On Saturday, Nov. 7, 2020, just before noon, the Associated Press announced that former Vice President Joe Biden had won the presidential election. After a long election week, Biden won 290 electoral college votes, with Pennsylvania and Arizona pushing him over the 270 electoral college mark. When the winner was announced, multiple videos on social media started circulating of people celebrating in the streets: dancing, singing, cheering and even popping champagne bottles. However, not all Americans reacted that way to the news.
President Trump, according to NPR News, said, “The simple fact is this election is far from over. Joe Biden has not been certified as the winner of any states, let alone any of the highly contested states headed for mandatory recounts, or states where our campaign has valid and legitimate legal challenges that could determine the ultimate victor.”
Trump has continued to claim voter fraud in Wisconsin, Pennsylvania and other states where Biden won the vote. He also has declined to concede and threatened more legal action on ballot counting.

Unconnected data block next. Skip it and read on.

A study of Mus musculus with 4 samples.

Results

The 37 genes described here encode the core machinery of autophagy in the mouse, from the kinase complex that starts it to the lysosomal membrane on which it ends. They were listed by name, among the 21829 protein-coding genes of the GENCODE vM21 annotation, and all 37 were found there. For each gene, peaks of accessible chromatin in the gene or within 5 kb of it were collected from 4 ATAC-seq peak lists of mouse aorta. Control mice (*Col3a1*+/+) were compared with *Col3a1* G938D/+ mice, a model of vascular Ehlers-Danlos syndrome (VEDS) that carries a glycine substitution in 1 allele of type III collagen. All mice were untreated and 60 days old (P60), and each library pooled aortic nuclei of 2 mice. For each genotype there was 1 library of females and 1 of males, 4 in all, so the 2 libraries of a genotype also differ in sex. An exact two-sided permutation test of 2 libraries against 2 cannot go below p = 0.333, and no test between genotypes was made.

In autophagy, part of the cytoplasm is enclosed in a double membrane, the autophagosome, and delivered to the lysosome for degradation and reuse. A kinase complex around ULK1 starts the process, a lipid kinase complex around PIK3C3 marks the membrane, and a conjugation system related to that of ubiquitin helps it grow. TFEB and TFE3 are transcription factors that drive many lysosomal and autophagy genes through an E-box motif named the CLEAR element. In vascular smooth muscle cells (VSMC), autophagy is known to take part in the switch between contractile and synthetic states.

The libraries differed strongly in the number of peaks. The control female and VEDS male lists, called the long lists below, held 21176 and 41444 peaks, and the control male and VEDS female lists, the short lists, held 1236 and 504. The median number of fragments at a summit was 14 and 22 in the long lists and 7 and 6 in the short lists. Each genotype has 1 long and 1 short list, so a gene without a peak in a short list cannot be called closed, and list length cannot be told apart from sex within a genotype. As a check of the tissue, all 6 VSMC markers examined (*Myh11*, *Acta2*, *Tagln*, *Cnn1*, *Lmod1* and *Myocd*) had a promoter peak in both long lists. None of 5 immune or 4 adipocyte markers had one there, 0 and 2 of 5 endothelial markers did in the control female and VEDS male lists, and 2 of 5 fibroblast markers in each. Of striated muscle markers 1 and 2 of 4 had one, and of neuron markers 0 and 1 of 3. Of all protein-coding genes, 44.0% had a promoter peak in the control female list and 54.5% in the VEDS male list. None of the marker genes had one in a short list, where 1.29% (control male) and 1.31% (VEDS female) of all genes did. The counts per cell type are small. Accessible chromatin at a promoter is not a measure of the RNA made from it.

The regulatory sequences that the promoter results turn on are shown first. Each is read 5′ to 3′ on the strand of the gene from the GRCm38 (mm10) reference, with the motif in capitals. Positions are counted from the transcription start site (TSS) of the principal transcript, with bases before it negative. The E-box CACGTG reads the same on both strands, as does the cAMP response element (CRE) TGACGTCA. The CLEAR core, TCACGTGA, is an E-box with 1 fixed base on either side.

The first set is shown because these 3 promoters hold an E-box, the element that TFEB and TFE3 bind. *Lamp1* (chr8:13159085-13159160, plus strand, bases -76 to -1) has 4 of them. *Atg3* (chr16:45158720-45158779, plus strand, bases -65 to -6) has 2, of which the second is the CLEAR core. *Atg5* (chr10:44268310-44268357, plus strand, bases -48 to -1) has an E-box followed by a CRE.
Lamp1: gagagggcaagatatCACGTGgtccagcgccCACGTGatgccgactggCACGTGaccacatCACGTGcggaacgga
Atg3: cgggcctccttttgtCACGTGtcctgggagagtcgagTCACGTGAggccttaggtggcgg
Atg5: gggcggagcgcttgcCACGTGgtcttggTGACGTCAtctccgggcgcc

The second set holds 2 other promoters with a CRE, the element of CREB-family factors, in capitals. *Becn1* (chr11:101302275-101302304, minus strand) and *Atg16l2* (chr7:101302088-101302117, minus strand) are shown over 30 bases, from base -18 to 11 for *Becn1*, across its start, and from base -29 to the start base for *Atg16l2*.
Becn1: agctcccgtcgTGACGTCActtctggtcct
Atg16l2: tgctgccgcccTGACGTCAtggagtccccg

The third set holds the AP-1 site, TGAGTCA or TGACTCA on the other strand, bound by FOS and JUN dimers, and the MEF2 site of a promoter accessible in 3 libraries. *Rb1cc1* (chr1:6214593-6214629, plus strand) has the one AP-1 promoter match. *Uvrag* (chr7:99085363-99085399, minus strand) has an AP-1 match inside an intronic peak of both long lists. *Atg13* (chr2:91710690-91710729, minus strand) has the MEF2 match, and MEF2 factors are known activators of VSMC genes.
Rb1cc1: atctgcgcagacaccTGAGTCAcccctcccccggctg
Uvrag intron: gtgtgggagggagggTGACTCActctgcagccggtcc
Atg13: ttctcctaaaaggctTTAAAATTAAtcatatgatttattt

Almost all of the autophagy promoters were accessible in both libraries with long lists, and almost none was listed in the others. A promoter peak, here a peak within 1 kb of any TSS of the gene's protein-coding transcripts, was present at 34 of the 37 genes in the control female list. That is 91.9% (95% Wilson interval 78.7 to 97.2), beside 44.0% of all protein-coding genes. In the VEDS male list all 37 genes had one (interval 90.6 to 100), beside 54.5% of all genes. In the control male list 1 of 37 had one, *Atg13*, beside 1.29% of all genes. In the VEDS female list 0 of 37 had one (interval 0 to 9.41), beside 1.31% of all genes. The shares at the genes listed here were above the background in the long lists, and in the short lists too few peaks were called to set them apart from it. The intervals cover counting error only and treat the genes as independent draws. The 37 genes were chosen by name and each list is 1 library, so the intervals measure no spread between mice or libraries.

But what did other nations around the world think about the results of the 2020 election?
Prime Minister of Canada Justin Trudeau was one of the first world leaders to offer congratulations to both Biden and Kamala Harris, the first woman, Indian American, Black American and biracial person to be elected vice president.
Trudeau stated, according to NBC News, “Our two countries are close friends, partners, and allies. We share a relationship that’s unique on the world stage. I’m really looking forward to working together and building on that with you both.”
Many European countries offered their congratulations over social media, some more critical of the former administration than others. The Mayor of Paris, Anne Hidalgo, wrote on Twitter, “Welcome back America!” and German Chancellor Angela Merkel said that “I sincerely congratulate Joe Biden on his election as the 46th President of the United States of America. Joe Biden brings the experience of decades in domestic and foreign policy with him. He knows Germany and Europe well. I fondly remember meetings and conversations with him.”
In Paris, church bells rang out when the Biden-Harris victory was announced, and in London fireworks were set off.
In Joe Biden’s speech on Saturday, Nov. 7, at 7pm CST, he stated that, “I sought this office to restore the soul of America and to make America respected around the world again and to unite us here at home. It’s time to put away the harsh rhetoric, to lower the temperature, to see each other again, to listen to each other again. To make progress, we must stop treating our opponents as our enemy. We are not enemies. We are Americans.”
When addressing Trump’s supporters, Biden extended an olive branch, saying that he understood their disappointment and adding “Let’s give each other a chance.”